CENTER, CO — As they awaited certification by Primus Labs as Global Food Safety Initiative-compliant, sales and logistics staffers at Skyline Potato Co. in Center, CO, were also moving potatoes out of Nebraska and looking to the start of the 2011-12 San Luis Valley season as well.

“We have three sheds in operation and are able to meet all of our customers’ needs,” said Randy Bache, general manager and chief operating officer of Skyline and chief operating officer of Fresh Innovations LLC, produce grower-shipper and Skyline sister company in Yuma, AZ.

Mr. Bache said “one-stop shopping” convenience is provided by Skyline’s bulk shipping and process packing operations as well as its trucking sister company, P.S. Connections.

“We have potatoes for every need,” he said, adding that retail and foodservice are major focal points. “And we supply processors year-round.”

The GFSI certification, which was anticipated following two days of auditing in early September, would “put us way ahead of the curve,” Mr. Bache, who spoke from his Arizona office in mid-August. “We will have surpassed the national standard.”

Working a dual role in sales and food safety at the Skyline operations is Rob Bache, son of Randy Bache and 2011 graduate of the University of Arizona. With his degree in agro-economics/management, the younger Mr. Bache has been a good fit for the staff.

“I am HACCP-certified through the U of A,” Rob Bache said, noting that he was preparing for the inspection and comprehensive audit for GFS.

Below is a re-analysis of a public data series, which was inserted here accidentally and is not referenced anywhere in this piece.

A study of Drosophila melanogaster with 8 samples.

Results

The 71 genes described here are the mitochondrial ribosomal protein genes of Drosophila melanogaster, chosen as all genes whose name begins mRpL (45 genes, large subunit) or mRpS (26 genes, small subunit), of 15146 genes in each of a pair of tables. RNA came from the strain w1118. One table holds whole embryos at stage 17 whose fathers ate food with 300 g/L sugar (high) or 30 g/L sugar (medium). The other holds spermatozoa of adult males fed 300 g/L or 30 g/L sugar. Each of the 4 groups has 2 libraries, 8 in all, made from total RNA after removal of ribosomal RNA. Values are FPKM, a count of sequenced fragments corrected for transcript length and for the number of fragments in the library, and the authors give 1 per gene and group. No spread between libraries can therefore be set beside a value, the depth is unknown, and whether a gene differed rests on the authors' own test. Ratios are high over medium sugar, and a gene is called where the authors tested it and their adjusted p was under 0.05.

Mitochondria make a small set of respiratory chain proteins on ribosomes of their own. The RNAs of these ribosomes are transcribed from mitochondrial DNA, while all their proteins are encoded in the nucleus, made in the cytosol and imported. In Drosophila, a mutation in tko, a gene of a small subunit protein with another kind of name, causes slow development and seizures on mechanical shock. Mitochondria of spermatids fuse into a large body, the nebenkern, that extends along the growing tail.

“Every grower must be GAP-certified, and the packing shed must be third-party audited,” he said. “It is more documentation and [more selective] approval of supplies and growers. There is more environmental testing, and it also ensures cleanliness.”

Skyline has 10 growers, including two who provide the company with its organic volume. Angela Diera, who works sales with Mr. Bache, Bob Noffsinger and Roger Christensen, said certified organic reds and russets make up around 15-20 percent of the total volume of 1.8 million hundredweight.

“We have organic reds, and the rest of our potatoes are russets,” she said. Varieties are Norkotah, Centennial, Classic, Blazer, Canella and Rio Grande.

Mr. Noffsinger said early Norkotahs would start shipping between Aug. 22 and 24.

“The crop looks really good,” he said. “We had a very cool spring and hot, dry summer, but what I saw on Aug. 17 looks above average for this time of year.”

In addition to the Colorado spuds, Skyline also ships Kansas potatoes and commercial bulk out of Nebraska, and Mr. Noffsinger handles that aspect of the business.

He said, “It gives us a logistical advantage and adds another growing area for flexibility and more supplies.”

Some 10 percent of the volume goes to process, Mr. Noffsinger also said.

In the foodservice arena, “Cartons are 40-50 percent of what is packed,” he said. And specialty packs are also available.

Mr. Noffsinger said that five and 10 pounds represent most of the bags, which are poly and poly mesh. The labels are “Horizon,” “Skyline” and “Nature Fresh.”